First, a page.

Representatives from political and environmental organizations around Long Island came out to protest New York State Senator Anna Kaplan’s support for the Williams Pipeline on Monday, Nov. 11.
A crowd of about 30 people armed with signs and chants picketed near the front entrance of an office building at 1 Old Country Rd. in Carle Place, where Kaplan was holding open office hours to meet with constituents, in the hope they could get her to change her mind about supporting the polarizing development project. Several of the attendees worked on Kaplan’s 2018 campaign.
“We have 10 years and counting to reverse the effects of the climate crisis,” environmental activist Gaby Cervantes, representing the group 350 Brooklyn, said at the onset of the rally. “Completing the Williams Pipeline is reckless. We don’t have the time or the luxury to not incentivize renewables and draw the line on burning fossil fuels that poison our water, our land and our air.”
The plan from Tulsa, OK-based natural gas giant Williams Companies Inc. to expand and revamp a corridor of its 10,500 mile-long Transcontinental Pipeline that runs from Texas to Queens has been a lightning rod of controversy in the state for years.
The Northeast Supply Enhancement Project (NESE), as Williams terms it, would provide National Grid an additional 400 million cubic feet of natural gas per day for customers in Brooklyn, Queens and Long Island through a 24-mile pipeline running from New Jersey to just off the shore of the Rockaways.
At the conclusion of the protest, several activists from the crowd entered the building to speak to Kaplan. The state senator told the Great Neck Record that the pipeline would provide relief to Long Islanders going without gas at the time, and that while she respects the concerns of the protesters, she needs to weigh the needs of all her constituents.
“We talked about the environment, and how it’s important to make sure we do everything in our power to protect it,” Kaplan said. “But I think they also understood that I represent 350,000 people, and there are people who are really hurting right now. I also have to be responsible to their needs.”
Proponents of the project, including Kaplan, have said the pipeline will provide cleaner energy to the area than it would receive through burning oil (although 90 percent of the state’s power since 2012 is already derived from natural gas, nuclear and hydro power, according to the U.S. Energy Information Administration) and serve as a stopgap while the state transitions to renewable energy. Critics, however, say expanding fossil fuel infrastructure at this time is irresponsible, and will result in intensified damage from climate change in the years to come.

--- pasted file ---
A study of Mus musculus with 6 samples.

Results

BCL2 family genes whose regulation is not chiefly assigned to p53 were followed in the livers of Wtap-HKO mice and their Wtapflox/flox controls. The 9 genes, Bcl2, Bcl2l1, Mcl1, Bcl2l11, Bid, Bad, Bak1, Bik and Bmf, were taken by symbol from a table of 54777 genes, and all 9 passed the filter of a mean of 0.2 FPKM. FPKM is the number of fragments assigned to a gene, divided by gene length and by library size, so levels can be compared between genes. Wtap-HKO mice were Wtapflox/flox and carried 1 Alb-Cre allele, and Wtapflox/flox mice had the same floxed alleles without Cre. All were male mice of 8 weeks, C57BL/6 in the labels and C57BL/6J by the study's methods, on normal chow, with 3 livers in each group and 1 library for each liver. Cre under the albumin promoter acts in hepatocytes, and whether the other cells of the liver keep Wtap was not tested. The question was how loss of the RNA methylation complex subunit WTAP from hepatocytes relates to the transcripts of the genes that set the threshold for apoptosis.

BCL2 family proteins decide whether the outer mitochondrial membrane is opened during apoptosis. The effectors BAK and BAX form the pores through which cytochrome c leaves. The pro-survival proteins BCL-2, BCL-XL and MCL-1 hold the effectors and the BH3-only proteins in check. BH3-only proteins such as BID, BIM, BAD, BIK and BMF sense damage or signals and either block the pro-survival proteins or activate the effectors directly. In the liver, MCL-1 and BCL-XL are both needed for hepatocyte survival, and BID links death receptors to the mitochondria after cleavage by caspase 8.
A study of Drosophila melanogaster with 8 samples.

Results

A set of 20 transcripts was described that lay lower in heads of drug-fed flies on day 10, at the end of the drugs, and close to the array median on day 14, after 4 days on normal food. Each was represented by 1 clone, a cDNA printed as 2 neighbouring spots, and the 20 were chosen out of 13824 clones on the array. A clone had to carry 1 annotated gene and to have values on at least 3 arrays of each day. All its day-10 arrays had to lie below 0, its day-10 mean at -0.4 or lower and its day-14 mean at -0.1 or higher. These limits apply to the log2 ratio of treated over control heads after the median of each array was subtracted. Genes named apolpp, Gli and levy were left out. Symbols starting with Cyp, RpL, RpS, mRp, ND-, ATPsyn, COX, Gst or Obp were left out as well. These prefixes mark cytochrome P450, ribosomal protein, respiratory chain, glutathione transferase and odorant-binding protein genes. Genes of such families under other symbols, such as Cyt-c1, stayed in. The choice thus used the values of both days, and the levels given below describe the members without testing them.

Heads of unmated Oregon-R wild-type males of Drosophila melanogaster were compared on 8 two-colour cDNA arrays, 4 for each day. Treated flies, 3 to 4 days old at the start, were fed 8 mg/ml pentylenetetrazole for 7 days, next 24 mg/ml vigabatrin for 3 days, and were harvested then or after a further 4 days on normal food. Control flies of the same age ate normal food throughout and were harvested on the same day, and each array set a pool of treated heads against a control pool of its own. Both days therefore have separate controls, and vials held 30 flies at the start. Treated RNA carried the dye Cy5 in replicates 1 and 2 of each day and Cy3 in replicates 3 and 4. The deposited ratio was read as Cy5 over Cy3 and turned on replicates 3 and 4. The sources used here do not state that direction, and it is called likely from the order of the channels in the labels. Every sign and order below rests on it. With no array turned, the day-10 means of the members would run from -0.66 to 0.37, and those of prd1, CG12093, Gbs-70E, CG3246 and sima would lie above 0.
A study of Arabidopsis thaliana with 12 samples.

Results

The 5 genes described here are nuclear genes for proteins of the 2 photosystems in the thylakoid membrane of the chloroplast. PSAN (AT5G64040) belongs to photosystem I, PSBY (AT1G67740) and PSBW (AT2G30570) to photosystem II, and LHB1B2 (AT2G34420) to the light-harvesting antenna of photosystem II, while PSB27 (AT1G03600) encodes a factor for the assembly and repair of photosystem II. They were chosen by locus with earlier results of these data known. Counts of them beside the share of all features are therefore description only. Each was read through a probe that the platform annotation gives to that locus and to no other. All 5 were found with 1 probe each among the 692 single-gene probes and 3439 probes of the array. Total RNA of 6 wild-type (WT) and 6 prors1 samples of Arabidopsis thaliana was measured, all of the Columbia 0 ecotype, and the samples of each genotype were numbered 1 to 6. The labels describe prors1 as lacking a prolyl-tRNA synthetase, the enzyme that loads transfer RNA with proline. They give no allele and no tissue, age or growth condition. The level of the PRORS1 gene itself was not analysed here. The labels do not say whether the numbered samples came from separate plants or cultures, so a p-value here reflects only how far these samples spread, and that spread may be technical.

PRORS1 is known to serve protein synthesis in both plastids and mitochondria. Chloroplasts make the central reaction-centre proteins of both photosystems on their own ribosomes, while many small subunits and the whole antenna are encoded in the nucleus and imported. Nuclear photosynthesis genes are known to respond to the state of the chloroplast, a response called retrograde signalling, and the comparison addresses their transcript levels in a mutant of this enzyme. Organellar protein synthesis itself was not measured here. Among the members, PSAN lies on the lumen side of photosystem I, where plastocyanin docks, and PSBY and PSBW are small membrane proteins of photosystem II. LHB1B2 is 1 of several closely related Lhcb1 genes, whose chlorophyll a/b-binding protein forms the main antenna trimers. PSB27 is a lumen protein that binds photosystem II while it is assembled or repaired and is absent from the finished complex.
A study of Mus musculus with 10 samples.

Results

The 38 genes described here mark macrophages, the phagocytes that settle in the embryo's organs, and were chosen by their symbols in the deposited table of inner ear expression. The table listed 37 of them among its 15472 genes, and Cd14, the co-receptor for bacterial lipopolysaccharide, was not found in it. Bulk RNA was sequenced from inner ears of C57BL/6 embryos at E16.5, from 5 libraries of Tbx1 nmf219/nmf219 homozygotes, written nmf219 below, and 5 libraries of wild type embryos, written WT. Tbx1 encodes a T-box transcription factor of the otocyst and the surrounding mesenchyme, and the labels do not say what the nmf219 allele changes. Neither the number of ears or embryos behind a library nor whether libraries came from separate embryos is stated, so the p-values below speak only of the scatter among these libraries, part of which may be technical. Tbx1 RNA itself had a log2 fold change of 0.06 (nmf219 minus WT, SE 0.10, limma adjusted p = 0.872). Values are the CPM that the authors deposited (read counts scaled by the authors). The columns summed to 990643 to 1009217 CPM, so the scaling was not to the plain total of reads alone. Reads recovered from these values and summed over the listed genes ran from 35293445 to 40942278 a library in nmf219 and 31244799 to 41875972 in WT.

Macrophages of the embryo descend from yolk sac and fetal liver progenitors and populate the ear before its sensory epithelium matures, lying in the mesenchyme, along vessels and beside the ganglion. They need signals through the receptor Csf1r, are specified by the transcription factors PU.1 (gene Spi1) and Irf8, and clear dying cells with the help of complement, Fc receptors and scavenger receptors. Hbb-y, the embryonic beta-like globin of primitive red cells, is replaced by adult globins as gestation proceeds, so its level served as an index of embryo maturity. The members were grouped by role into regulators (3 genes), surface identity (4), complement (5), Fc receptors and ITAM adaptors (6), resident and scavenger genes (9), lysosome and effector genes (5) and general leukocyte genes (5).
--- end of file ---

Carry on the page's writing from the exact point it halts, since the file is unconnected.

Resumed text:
In attendance at the rally were officials from the Nassau County Green Party, South Shore Audubon Society, Food and Water Watch, Nassau County Democratic Socialists of America and 350 Brooklyn. The protesters kept on through the sunset, chanting slogans and giving speeches for about an hour as people entered and exited the building.
Kaplan, a refugee of the 1979 Iranian Revolution who settled in Great Neck and served as a councilwoman for the Town of North Hempstead from 2012-18, campaigned for the State Senate in part on environmental activism. The “Issues” page on her old campaign website includes a promise to “Protect Long Island’s Aquifers.” New York’s Department of Environmental Conservation (DEC) denied without prejudice an earlier proposal for the pipeline in May on the ground that its construction would significantly harm water quality in the area. Responding to the concerns raised by the DEC, Kaplan said she trusted the department’s judgement and ability to work out a method that would leave the area’s aquifers unharmed.